KYIV, Ukraine (AP) — Russia renewed its assault Wednesday on Ukraine’s second-largest city in a pounding that lit up the skyline with balls of fire over populated areas, even as both sides said they were ready to resume talks aimed at stopping the new devastating war in Europe.
The escalation of attacks on crowded cities followed an initial round of talks between outgunned Ukraine and nuclear power Russia on Monday that resulted in only a promise to meet again. It was not clear when new talks might take place — or what they would yield. Ukraine’s leader earlier said Russia must stop bombing before another meeting.
Ukrainian President Volodymyr Zelenskyy has decried Russia’s bombardment as a blatant terror campaign, while U.S. President Joe Biden warned on Tuesday that if the Russian leader didn’t “pay a price” for the invasion, the aggression wouldn’t stop with one country.
The bombardment continued Wednesday. Ukrainian UNIAN news agency quoted the health administration chief of the northern city of Chernihiv as saying two cruise missiles hit a hospital there.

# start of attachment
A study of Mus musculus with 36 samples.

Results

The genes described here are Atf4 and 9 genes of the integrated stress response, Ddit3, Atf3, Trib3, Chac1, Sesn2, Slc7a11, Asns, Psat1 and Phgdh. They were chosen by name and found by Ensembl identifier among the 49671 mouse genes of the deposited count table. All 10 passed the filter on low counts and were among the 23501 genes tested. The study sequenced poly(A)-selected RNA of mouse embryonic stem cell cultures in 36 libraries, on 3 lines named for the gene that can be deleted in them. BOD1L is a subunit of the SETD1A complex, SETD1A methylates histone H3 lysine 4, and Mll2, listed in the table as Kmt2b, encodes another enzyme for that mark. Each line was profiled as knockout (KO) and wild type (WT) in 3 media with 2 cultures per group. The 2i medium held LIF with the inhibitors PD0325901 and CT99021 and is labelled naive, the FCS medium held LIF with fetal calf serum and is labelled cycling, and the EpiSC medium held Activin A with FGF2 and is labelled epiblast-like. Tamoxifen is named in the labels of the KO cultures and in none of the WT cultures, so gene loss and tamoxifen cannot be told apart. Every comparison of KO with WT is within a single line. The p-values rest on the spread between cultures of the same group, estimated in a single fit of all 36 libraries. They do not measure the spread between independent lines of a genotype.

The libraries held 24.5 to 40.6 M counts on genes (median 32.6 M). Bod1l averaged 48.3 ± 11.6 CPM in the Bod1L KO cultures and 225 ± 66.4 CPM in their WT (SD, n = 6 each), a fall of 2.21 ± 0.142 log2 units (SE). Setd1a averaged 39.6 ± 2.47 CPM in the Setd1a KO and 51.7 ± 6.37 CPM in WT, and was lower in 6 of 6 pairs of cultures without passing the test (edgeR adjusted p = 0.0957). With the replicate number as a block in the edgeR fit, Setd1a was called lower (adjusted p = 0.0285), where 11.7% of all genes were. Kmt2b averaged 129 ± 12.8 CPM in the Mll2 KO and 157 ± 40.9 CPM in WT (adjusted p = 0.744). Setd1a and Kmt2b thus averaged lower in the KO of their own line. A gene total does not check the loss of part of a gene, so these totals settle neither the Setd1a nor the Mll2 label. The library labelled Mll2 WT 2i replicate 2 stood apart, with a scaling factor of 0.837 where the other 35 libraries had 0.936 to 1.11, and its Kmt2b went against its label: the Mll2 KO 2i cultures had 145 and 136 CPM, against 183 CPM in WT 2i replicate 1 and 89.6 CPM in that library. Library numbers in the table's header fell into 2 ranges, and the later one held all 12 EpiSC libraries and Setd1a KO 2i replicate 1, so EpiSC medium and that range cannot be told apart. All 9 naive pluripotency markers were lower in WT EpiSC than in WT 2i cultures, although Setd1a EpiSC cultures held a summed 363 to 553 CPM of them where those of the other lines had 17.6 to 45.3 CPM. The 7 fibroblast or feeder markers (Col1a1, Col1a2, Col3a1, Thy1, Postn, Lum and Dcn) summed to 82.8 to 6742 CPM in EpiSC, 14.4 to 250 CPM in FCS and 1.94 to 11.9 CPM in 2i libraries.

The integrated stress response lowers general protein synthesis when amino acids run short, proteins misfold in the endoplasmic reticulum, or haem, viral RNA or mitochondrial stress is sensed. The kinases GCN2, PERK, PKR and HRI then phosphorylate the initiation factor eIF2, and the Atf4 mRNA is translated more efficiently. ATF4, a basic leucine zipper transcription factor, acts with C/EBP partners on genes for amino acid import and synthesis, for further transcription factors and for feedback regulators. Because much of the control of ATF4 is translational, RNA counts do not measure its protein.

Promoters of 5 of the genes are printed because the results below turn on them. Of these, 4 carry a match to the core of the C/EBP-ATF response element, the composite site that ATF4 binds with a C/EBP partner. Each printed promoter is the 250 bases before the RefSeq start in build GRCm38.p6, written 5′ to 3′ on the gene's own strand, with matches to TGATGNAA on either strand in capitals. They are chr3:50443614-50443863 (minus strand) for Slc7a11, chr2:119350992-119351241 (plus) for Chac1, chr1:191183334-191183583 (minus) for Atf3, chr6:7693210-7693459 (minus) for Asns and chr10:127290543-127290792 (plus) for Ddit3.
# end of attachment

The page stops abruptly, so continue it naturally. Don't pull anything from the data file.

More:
The hospital’s main building suffered damage, Serhiy Pivovar said, and authorities were working to determine the casualty toll. No other information was immediately available.
A Russian strike also hit the regional police and intelligence headquarters in Kharkiv, Ukraine’s second-largest city with a population of about 1.5 million, killing four people and wounding several, the state emergency service of Ukraine said. It added that residential buildings were also hit, but did not provide further details.
A blast blew the roof off of the five-story police building and set the top floor alight, according to videos and photos released by the service. Pieces of the building were strewn across adjacent streets.
The attack followed a day after one in Kharkiv’s central square that killed at least six people and shocked many Ukrainians for hitting at the center of life in a major city. A Russian strike also targeted a TV tower in the capital of Kyiv.
Roughly 874,000 people have fled Ukraine and the U.N. refugee agency warned the number could cross the 1 million mark soon. Countless others have taken shelter underground.
The overall death toll from the seven-day war is not clear, with neither Russia nor Ukraine releasing the number of troops lost. Ukraine’s State Emergency Service said more than 2,000 civilians have died, though it was impossible to verify that claim. The U.N. human rights office has tallied 136 civilian deaths, while acknowledging the actual toll is surely far higher.